Earlier this summer, Georgia Governor Brian Kemp signed House Bill 389 (Act 809) into law, altering the scope of many employer-employee relationships. This law is likely to reclassify many independent contractors as employees.

What does this mean? The distinction between employees and independent contractors generally boils down to an issue of control. Generally, an employer assumes the right to control the time and manner of work executed by employees, but not necessarily by independent contractors. Act 809, however, expands the definition of employment to include “services performed by an individual for wages”. This is important because it expands the category of workers who may be able to claim unemployment benefits. In addition to employer control, the nature and scope of the individual’s work will now be considered to determine whether employee benefits are available to them. The following seven factors will be considered:

  • Ability to hold other employment at the same time

  • Freedom to accept or reject work assignments

  • Whether a minimum number of hours worked or sales completed must be met

  • Discretion to set his or her own work schedule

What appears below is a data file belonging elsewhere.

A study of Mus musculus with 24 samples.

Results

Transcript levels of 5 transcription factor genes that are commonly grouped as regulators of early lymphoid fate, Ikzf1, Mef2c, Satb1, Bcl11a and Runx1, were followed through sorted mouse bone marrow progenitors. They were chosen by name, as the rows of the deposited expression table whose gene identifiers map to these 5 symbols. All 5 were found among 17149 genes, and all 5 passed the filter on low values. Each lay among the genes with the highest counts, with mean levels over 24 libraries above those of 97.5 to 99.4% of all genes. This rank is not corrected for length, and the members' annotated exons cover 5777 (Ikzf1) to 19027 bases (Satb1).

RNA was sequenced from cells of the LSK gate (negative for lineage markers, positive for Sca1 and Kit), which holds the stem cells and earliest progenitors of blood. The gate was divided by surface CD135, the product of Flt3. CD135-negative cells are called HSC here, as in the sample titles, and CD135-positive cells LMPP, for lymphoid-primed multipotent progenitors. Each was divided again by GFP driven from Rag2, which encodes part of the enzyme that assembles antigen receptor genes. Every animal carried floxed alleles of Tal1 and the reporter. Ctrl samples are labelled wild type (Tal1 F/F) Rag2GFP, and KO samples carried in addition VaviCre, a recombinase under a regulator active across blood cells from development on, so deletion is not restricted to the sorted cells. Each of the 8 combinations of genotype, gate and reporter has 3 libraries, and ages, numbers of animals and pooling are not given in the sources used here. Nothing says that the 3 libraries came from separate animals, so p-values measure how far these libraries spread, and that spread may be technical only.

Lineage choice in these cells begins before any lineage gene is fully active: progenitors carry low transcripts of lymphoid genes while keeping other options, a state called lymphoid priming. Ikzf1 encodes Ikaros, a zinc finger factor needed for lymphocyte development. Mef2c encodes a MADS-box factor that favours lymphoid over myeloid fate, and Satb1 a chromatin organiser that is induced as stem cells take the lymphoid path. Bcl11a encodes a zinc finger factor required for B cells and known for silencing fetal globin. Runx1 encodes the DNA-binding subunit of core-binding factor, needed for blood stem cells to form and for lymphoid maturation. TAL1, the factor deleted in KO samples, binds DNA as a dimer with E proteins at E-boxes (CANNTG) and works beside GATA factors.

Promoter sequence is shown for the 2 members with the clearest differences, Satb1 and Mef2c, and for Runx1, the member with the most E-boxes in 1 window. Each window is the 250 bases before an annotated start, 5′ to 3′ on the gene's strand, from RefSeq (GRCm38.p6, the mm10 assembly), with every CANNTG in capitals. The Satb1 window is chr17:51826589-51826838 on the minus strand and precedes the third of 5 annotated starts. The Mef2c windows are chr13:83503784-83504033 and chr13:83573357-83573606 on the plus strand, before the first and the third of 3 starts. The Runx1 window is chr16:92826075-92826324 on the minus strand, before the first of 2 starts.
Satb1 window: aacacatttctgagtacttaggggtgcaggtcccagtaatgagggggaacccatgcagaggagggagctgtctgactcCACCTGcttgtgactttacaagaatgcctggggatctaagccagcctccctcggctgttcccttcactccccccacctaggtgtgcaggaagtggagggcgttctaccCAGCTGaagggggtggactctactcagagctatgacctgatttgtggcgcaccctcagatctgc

• Whether direct oversight or supervision over the work occurs

  • Existence of territorial or geographic restrictions

  • Whether there exists a requirement to perform, behave or act in a manner related to the performance of services for wages

More workers will likely be classified as employees eligible for unemployment benefits in light of these new considerations. This opens the door to new obligations and potential liability for Georgia employers. Act 809 provides a sliding scale of civil penalties if an employee is classified incorrectly. This scale takes into account the size of the employer. Additionally, Georgia's disability discrimination law and many other employment laws do not clearly define who qualifies as an employee. With damages on the line, courts are likely to look to the expanded definition of employee under Act 809 to determine liability. Laws that govern wage-and-hour requirements and recordkeeping are also likely to be affected by the expanded definition of ‘employee.’

The continuing tug-of-war: Georgia has also enacted a new, employer-friendly law, SB 331 (Act 823), in May 2022. This law limits the enforcement of local rules regarding work hours, scheduling and work output. The resulting contradiction between state and local governments may happen again with Georgia's new attempt to preempt local rules on workplace conduct, as they apply to the new expanded category of employees. As this employer-employee balancing act continues, stay aware of your rights as an employee or an independent contractor to ensure you are receiving the benefits you’re entitled to under Georgia law.